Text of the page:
New addition almost doubles size of family
A suburban Detroit couple who have two older children are adjusting to life after becoming parents to identical triplets. It's a multiple birth that's rare.
The Whiteley family lives in St. Clair Shores, Mich., The family celebrated the one-month birthdays for babies Alexander, Nicholas and Timothy. The brothers were born Jan. 25 at Henry Ford Hospital in Detroit. They spent nearly a month in the newborn intensive care unit.
The boys are healthy, their mother, Lauren Whiteley, said. Their older brothers are ages 3 and 2.
"I always wanted a big family. I guess this is the way to do it, get them all at once," Whiteley joked.
Lauren Whiteley, 32, had an ultrasound at about eight or nine weeks to confirm the pregnancy. But she didn't know what she was seeing.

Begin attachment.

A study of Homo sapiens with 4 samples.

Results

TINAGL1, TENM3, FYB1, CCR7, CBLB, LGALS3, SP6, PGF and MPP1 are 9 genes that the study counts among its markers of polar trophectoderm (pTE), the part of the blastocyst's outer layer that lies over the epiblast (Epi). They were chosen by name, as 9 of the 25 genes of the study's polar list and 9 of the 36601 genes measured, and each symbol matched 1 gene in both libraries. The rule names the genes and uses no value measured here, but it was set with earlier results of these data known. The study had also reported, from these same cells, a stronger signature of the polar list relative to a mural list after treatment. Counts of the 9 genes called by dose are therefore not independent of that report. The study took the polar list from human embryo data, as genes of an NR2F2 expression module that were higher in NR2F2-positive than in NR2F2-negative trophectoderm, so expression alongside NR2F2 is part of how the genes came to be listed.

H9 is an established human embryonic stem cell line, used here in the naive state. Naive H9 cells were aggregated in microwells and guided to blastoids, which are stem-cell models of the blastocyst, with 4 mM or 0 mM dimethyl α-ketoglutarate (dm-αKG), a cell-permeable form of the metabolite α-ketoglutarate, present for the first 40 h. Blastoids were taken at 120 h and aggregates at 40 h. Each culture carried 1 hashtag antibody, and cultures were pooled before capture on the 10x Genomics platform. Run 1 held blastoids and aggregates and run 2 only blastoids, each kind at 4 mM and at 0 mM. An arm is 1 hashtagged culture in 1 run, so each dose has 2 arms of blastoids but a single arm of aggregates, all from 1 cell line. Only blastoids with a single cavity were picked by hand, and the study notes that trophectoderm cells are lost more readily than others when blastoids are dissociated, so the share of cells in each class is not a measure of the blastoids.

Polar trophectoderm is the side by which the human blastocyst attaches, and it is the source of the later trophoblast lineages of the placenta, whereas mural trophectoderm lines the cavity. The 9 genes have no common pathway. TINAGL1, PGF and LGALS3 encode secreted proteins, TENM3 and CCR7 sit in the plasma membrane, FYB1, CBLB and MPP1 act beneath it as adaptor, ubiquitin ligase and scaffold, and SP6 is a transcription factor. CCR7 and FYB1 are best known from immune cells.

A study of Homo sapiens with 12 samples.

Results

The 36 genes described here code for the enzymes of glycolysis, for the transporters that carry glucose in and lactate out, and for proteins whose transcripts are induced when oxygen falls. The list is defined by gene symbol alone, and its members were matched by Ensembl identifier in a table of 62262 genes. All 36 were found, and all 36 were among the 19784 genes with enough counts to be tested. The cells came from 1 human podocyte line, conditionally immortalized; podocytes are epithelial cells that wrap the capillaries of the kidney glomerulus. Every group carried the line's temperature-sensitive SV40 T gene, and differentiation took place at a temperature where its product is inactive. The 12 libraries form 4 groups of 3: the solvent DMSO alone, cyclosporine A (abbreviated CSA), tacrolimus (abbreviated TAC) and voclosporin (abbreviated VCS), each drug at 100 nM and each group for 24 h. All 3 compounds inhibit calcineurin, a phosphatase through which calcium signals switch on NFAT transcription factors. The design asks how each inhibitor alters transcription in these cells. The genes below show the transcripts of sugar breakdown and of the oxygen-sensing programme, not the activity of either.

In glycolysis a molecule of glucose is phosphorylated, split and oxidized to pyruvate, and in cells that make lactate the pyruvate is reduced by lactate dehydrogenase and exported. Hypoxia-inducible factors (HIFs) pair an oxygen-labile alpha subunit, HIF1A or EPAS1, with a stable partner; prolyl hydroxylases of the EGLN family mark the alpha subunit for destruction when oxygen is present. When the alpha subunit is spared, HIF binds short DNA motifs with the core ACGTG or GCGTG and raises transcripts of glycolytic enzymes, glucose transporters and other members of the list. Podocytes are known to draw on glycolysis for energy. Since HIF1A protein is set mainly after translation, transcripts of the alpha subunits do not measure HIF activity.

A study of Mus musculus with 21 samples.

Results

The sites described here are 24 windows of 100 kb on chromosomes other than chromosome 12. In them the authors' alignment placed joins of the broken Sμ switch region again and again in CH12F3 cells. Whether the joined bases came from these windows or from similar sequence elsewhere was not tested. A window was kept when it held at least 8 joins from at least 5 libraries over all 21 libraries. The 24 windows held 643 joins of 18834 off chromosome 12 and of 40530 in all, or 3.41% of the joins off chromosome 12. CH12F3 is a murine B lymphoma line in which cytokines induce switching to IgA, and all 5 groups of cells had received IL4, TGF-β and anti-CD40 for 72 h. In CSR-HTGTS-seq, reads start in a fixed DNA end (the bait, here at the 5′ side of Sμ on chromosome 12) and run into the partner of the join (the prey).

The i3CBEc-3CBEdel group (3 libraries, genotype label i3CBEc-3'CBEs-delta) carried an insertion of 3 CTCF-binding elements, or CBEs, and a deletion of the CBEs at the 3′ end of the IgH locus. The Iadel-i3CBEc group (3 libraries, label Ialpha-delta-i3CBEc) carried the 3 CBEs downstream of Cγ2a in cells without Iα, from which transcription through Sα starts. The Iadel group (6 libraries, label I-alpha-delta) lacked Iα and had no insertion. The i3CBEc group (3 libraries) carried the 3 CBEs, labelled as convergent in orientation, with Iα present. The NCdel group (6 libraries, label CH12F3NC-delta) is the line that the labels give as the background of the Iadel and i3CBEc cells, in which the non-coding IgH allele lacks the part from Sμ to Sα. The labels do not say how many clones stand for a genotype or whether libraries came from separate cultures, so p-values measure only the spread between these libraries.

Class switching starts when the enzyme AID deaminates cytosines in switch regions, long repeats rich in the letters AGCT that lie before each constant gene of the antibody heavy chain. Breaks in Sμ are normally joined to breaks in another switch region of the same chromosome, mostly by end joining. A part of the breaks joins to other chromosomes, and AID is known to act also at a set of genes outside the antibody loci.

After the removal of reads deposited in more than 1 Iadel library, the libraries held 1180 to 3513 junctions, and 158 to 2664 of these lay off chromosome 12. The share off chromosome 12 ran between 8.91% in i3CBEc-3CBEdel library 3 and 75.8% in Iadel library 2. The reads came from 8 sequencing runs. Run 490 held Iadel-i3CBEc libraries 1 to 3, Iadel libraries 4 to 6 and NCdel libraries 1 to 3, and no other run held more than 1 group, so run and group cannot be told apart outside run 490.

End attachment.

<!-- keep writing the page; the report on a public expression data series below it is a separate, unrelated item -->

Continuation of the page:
"It was the ultrasound tech that kind of left the room, came back and I thought something was wrong," Whiteley said. "She said 'No it's good news.' I said "Oh my gosh! It's twins, isn't it?' She said, 'No, I see three.' This was the shock of a lifetime."
Michael Whiteley, 31, said he asked his wife several times. "'Triplets? Are you sure?' It was very overwhelming."
Multiple births don't run in either of their families. "Not even twins," Lauren Whiteley said.
Identical triplets also were born Dec. 5 to a woman in Billings, Montana. Dr. Savitri Kumar is a neonatologist at Henry Ford Hospital. The physician said data on identical triplet births by natural conception varies. It's between 60,000 to one in 2 million.
Most doctors call the chances "one-in-a-million," Kumar said.
Four sets of triplets were born at the hospital last year. But they weren't identical, she added.
"This is the very first set of identical triplets I have ever seen," she said.
For the Whiteleys, it will help that both sets of grandparents live within a mile. Aunts and uncles also are in the area.
Critical thinking challenge: What do the two older brothers need to adjust to?